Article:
Most upgrade issues we've encountered with Toughbooks seem to be related the Panasonic Windows 7 load. Clean installs tend to, but do not always, work. The downside to that is that you will lose all your files and applications. Below is a list of Toughbook models on which we have upgraded to Windows 10 from Windows 7. We will continue to update this list with model-specific notes.
We cannot guarantee that you will have success updating your Toughbook. If you choose to give it a try, make sure you back up all your data first! Windows 10 device manager does give an error code 48 saying that the hotkeys are not working properly. We are not sure what is causing the error, but it does not seem to be a problem. We did manage to get Windows 10 working by installing a clean OEM Windows 7 install and upgrading from that.
This solution will not work if you have a Panasonic Windows 7 installation, and will not allow you to keep any of your applications. We are working on a more elegant solution. Stay tuned. The upgrade seemed to work, but within a few minutes of starting up, the cursor froze and the computer became unresponsive.
We are figuring out a workaround to a compatibility issue related to Intel Dynamic Power Performance Management software that prevents the update from completing.
If you want to keep your applications, the upgrade does not work. Windows 10 upgrade seemed to work, but within a few minutes after booting up, the cursor froze and the machine became unresponsive. The copy of Windows 7 on these models was a standard load, as no Panasonic load exists for them.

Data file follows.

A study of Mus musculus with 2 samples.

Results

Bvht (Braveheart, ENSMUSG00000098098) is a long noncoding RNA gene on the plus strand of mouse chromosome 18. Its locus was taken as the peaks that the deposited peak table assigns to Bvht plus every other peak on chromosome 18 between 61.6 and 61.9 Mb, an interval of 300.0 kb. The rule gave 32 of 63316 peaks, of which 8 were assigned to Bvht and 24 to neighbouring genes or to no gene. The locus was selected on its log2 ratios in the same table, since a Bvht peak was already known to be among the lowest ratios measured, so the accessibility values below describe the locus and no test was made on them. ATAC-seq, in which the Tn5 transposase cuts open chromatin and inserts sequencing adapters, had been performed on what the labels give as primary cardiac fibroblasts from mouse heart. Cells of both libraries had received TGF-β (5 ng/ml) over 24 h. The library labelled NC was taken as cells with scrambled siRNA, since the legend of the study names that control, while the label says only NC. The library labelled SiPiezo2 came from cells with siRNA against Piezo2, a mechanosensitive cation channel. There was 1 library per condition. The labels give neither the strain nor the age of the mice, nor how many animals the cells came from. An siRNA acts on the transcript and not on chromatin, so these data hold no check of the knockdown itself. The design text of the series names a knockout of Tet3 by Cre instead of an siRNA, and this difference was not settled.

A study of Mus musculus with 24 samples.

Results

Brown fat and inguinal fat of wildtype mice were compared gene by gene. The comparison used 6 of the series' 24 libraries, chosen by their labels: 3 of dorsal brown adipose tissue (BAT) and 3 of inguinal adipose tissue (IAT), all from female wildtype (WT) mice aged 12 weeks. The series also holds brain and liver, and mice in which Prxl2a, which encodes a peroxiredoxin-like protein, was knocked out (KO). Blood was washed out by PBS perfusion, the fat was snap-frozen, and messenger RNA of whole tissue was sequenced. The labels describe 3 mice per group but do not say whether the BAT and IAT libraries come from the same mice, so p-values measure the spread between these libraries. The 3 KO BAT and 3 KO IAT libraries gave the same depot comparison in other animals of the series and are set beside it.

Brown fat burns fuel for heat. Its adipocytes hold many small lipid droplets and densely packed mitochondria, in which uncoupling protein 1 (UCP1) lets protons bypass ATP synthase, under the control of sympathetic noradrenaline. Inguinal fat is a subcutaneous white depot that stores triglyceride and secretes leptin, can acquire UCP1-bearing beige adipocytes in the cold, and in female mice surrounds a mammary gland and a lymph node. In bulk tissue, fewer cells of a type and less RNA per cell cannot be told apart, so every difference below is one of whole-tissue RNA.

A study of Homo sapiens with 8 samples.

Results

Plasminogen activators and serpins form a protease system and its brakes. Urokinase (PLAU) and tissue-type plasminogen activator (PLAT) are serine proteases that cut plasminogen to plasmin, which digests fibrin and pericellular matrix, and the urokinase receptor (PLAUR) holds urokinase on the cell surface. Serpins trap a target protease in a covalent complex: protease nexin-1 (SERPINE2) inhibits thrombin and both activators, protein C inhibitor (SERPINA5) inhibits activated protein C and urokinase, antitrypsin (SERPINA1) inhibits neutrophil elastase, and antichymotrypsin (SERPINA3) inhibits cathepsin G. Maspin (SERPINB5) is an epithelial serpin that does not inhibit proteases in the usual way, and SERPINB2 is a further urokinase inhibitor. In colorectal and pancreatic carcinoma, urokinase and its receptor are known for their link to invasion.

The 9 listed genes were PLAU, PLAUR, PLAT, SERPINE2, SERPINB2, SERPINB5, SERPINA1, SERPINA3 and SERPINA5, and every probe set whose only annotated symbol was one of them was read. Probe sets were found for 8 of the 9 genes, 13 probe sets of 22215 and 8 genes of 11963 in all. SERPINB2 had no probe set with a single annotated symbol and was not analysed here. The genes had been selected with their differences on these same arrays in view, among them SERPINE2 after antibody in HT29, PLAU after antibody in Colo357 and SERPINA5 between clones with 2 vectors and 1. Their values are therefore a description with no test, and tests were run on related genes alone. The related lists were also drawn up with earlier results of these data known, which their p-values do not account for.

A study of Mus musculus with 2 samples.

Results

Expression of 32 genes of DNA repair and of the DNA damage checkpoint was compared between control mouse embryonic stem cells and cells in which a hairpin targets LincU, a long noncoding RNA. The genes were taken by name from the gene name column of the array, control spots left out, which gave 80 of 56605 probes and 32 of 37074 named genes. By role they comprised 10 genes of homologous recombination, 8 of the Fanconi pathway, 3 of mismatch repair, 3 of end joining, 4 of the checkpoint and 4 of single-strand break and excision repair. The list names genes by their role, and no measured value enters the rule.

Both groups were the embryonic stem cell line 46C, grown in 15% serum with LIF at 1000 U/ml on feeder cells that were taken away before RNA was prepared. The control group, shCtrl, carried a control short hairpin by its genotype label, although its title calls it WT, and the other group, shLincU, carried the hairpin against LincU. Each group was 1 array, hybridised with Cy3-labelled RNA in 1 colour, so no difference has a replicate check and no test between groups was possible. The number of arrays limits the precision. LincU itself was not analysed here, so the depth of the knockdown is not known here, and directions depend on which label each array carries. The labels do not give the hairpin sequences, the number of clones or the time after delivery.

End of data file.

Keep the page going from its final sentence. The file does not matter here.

Windows is also fully activated, and I can rule out any drive or other hardware issues. My best guess is this is going to be a driver-based nightmare. His function keys are also not working, although I'm doubting that is the cause of the lockups.
SugarD-x , Jun 5, Go into services and turn off superfetch and Windows search,then check it. Also what antivirus is he using. You can roll it back to Windows 7 by going to settings,restore Win 7 if it is less then 30 days. Toyo and Shawn like this. Thanks for the reply. The forum was bugging, so I thought the post was lost. I'll give that a try and see what happens. I'm considering rolling him back, but I'd prefer to get the current OS working normally before that point, if possible.
He knows how to use a computer, but it isn't something he is amazing at, and I don't want to go through this down the road later when he decides he is ready for Windows I found that the right click icon menus using the touch were completely different then normal and quite useless,very strange.
CWB32 , Jun 6, SugarD-x , Jun 7, I feel Win 10 on a mk1 is highly "optimistic" Win7 on a mk1 is challenging enough to get right. I would roll it back to Win7 and leave it be. It is not really auto install, more like demonic possession.
Win7, then create a recovery image for later on. Acronis is great and cheap on Newegg. Just for fun type this into a Youtube search. Shawn , Jun 7, Toyo likes this. Hard to explain It was a while ago so the old fart has forgotten exactly what the list said.
Download process explorer and start looking for the process that is running the CPU full blast,I have seen this several times on Windows 8 and As I said Windows search and Superfetch are a couple of the main villains but also go into msconfig and one by one turn off start up programs.
Does it do it in safe mode? Last edited: Jun 7, For future reference to others, it turned out to be the WiFi card's drivers being the issue. They were massively eating memory through a system service. After setting them to an older version, the lockups stopped completely.